Dropshot rigging has become a popular finesse technique for catching game fish in the U.S., particularly largemouth bass.
I began using this rig in 2001 and have had a lot of success with it. The rig is highly effective, because it allows you to get a bait suspended off the bottom at a depth where fish are feeding, where baitfish are suspended, or just above vegetation.
Here are some specifics on how I rig for dropshotting:
I prefer fluorocarbon line in six to ten pound test. This is low-stretch, highly sensitive line that allows me to feel the bait as I shake it, and detect bites.
I like the Gamakatsu #1 or #2 drop shot hooks. I'm hooking 99 percent of the fish that bite, including wipers on live bait.
A number of 3" to 4" soft plastic finesse baits will work. I'm using the Berkley Drop Shot Bass Minnow and Drop Shot Worm, and the Bass Assassin Baby Assassin. This rig is great with live bait too.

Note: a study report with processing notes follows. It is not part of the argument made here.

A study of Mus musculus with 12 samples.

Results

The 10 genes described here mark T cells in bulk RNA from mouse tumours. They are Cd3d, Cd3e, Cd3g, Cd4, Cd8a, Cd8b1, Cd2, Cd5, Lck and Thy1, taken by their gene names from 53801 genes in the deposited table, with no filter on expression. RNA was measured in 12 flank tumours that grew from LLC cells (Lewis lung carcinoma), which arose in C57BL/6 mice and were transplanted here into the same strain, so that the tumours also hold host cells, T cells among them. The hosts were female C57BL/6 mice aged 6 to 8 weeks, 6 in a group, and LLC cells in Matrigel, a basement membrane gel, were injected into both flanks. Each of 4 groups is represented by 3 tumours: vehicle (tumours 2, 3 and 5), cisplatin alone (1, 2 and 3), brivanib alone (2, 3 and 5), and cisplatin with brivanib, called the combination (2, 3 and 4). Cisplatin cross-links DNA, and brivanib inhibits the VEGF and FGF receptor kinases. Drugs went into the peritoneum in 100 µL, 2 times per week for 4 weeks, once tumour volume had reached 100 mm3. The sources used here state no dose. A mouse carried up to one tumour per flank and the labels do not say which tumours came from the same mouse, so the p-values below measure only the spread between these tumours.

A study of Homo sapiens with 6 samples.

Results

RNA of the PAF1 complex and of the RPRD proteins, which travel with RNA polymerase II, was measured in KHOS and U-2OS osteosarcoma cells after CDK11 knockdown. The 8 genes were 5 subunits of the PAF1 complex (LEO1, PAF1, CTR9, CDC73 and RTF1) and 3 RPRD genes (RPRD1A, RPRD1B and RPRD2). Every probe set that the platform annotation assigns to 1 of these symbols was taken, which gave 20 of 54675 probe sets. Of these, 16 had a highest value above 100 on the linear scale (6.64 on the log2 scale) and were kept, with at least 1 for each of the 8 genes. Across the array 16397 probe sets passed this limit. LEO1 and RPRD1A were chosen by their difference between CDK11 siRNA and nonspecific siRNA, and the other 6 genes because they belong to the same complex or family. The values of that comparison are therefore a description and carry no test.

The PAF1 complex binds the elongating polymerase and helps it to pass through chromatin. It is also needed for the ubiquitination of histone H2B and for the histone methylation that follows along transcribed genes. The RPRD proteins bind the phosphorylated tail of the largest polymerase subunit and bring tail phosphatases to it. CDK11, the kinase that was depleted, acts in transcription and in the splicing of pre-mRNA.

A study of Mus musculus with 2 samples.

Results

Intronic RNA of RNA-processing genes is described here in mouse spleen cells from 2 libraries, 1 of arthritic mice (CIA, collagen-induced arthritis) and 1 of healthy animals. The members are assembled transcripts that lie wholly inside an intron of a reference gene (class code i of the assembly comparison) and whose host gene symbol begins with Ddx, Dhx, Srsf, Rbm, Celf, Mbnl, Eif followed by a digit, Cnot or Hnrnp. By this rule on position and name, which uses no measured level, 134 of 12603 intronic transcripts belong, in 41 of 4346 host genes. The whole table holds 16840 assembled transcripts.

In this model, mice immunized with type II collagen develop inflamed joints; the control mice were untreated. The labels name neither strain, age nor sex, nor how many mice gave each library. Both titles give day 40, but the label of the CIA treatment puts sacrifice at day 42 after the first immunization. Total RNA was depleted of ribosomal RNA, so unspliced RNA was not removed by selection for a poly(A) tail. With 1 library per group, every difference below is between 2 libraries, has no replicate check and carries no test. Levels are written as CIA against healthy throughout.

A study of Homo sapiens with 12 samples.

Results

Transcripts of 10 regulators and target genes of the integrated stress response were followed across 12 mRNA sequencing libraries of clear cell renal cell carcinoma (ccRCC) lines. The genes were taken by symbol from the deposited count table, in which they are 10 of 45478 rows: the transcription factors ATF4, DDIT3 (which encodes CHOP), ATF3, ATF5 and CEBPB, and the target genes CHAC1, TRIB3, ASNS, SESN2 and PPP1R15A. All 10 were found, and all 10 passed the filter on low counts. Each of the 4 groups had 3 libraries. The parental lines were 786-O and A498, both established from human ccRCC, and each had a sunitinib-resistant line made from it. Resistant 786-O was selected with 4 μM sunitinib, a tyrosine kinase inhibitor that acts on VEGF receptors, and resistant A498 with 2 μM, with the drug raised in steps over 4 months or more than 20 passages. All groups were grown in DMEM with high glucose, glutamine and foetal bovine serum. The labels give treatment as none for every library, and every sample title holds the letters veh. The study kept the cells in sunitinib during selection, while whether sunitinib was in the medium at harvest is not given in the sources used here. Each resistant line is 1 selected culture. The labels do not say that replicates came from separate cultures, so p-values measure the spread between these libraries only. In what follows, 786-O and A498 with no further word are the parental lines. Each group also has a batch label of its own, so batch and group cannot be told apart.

Splitshot or dropshot weights from 1/16 oz. to 1/2 oz. will allow you to get the bait down.
Tie your hook using a Palomar knot and leave a tag of at least 24 inches. Pinch on your lead shot and tie an over hand know beneath it to hold it at the proper depth or use a dropshot weight on the tag end of the line. Use the least amount of weight you can get away with based on wind conditions. (See diagram below)
Hook plastic baits through the nose or head, so they'll suspend horizontally. Fish the bait vertically beneath the boat, allowing the shot to fall to the desired depth. Make the bait jiggle in place by shaking your rod tip. If you get hung up, a slight tug on the line should pull the weight free or strip it from the line. Just add another piece of lead and quickly get back to fishing.
This technique works best in clear water situations, but I've done well in stained water too. Don't limit yourself to strictly vertical fishing though. You can also cast this rig to shallow water and work it slowly back to the boat with good results.
See below for an illustration of a dropshot rig setup.